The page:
2 attorneys charged with work visa fraud
Two local immigration attorneys have been charged with fraud after allegedly filing false employment visa applications for 14 foreign nationals working for their firm, according to a federal grand jury indictment released Thursday.
The lawyers, of ASK Law Group in Sherman Oaks, filed the fraudulent applications and paid their employees in cash while awaiting approval for the visas, according to the indictment. Investigators believe the attorneys also filed false visa applications on behalf of hundreds of other foreigners looking for work at other companies.
For the record:
12:00 AM, Mar. 16, 2007 For The Record
Los Angeles Times Friday March 16, 2007 Home Edition Main News Part A Page 2 National Desk 1 inches; 56 words Type of Material: Correction
Visa fraud: A story in the March 2 California section about two attorneys charged with visa fraud said that to obtain an H-1B visa for a foreign worker, a company must prove it cannot find a qualified U.S. employee to fill the specific job. There is no such requirement, according to the U.S. Department of Labor.
“This is the largest immigration fraud probe ever mounted against a Los Angeles-area law firm,” said Jennifer Silliman, deputy special agent in charge of the local office of Immigration and Customs Enforcement.
The indictment charges Daniel Korenberg, a senior partner at the law firm, and Steven James Rodriguez, a senior associate, with visa fraud and conspiracy to commit visa fraud. Korenberg faces a possible sentence of 225 years in federal prison. Rodriguez faces up to 15 years in prison.
Another partner in the firm, Philip Abramowitz, 53, has already pleaded guilty to conspiracy and visa fraud.
The indictment accused the men of committing fraud between 2000 and 2003.
To obtain an employment visa for a foreign worker, a company must prove it cannot find a qualified U.S. employee to fill a specific job. The H-1B visas are limited to foreign workers with at least a bachelor’s degree. Firms must pay foreign workers the prevailing wage.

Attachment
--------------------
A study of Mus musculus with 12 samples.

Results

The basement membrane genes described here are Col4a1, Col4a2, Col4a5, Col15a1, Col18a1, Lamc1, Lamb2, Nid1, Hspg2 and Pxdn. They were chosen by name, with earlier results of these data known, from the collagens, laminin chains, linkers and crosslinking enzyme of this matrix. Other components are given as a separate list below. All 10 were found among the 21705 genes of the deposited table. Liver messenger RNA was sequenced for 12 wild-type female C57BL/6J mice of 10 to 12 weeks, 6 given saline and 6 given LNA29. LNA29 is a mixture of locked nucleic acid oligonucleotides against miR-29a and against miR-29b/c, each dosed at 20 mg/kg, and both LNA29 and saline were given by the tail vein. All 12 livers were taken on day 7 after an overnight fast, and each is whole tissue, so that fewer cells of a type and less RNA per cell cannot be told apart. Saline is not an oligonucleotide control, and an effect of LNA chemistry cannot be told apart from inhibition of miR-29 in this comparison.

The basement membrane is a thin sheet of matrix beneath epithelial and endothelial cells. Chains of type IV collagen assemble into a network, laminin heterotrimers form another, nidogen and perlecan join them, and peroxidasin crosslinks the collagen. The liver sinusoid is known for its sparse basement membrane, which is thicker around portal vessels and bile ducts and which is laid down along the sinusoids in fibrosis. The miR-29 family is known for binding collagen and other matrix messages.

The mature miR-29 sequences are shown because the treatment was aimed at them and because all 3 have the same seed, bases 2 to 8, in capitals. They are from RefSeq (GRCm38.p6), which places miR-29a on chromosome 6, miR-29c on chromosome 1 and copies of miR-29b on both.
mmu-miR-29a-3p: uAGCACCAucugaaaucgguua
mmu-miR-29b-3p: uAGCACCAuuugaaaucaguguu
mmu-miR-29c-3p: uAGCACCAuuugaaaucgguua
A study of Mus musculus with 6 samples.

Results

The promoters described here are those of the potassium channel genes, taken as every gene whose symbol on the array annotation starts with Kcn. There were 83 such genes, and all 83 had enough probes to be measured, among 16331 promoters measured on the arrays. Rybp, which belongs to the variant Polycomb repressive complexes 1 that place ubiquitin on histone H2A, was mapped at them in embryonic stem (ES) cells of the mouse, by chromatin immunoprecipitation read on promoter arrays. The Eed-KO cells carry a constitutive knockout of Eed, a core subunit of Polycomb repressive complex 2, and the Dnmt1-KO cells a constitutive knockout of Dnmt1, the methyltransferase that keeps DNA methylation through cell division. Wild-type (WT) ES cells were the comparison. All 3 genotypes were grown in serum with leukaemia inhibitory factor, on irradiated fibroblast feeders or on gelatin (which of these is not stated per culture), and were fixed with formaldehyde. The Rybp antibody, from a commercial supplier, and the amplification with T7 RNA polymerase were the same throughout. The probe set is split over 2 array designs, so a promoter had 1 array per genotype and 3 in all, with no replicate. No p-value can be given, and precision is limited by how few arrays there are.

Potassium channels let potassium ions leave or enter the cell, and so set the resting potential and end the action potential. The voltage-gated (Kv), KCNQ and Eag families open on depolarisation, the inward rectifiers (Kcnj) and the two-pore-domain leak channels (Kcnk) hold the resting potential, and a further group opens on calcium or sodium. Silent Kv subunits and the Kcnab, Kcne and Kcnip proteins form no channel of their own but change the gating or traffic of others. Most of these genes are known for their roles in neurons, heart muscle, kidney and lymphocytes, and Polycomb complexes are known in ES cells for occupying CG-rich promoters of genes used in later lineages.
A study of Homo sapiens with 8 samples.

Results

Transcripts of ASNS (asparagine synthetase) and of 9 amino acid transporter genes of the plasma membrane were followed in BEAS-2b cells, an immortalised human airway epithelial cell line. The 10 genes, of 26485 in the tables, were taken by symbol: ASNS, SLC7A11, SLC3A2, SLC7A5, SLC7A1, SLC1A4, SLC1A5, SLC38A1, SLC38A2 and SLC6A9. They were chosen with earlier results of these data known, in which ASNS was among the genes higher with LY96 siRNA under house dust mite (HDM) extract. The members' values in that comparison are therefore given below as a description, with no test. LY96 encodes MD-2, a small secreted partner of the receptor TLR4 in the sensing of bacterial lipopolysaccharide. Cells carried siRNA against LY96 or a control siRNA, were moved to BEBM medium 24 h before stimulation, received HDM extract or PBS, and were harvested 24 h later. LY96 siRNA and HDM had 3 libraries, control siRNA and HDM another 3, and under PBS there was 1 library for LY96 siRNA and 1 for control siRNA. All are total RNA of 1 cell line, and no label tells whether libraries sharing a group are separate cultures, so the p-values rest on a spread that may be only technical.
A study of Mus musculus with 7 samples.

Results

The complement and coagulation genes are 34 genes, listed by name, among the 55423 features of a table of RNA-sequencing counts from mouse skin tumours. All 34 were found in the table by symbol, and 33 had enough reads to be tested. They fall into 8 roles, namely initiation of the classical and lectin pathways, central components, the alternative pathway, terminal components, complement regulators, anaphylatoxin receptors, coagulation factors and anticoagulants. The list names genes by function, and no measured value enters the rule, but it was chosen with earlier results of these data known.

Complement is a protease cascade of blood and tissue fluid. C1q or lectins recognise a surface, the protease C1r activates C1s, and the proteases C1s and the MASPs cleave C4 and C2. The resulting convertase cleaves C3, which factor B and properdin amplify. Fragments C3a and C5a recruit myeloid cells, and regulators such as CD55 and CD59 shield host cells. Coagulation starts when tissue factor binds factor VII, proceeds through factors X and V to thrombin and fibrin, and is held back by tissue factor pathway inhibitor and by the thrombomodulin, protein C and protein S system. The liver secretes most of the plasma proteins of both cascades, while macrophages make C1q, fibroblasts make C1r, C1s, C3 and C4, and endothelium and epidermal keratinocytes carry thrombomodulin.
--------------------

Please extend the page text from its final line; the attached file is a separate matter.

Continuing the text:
Investigators said Korenberg, 57, and Rodriguez, 40, wrote false job titles and salaries on the visa applications, citing jobs that didn’t exist. They also allegedly lied about the foreigners’ work experience.
The fake job titles included accountant, human resources specialist and systems analyst/programmer. The employees were actually doing secretarial work, investigators said.
Several were here on visitors’ visas, which did not allow them to work, agents said.
U.S. Citizenship and Immigration Services plans to review all the visa applications that are suspect, said spokeswoman Marie Sebrechts. If applicants were complicit in any fraud, their visas could be revoked, she said.
The ASK Law Group is based in Sherman Oaks, but has offices in Los Angeles, San Diego, San Francisco and Las Vegas. According to the firm’s website, lawyers provide services to individuals, small businesses and large corporations.
Because the defendants are attorneys, Silliman said, they know how to work the system and get around loopholes.
“It’s always disturbing when attorneys manipulate the system for financial gain,” said Thom Mrozek, spokesman for the U.S. attorney’s office in Los Angeles.
Korenberg, Abramowitz and Rodriguez did not return calls for comment. Korenberg and Rodriguez are scheduled to appear in U.S. District Court in Los Angeles on March 29.
The firm had a decent reputation, so the charges were shocking, said John Ayala, vice chairman of the Southern California chapter of the American Immigration Lawyers Assn.
“We hope the allegations are not true,” Ayala said. “If they are found true, I think it’s an aberration. It doesn’t reflect the immigration bar of Southern California.”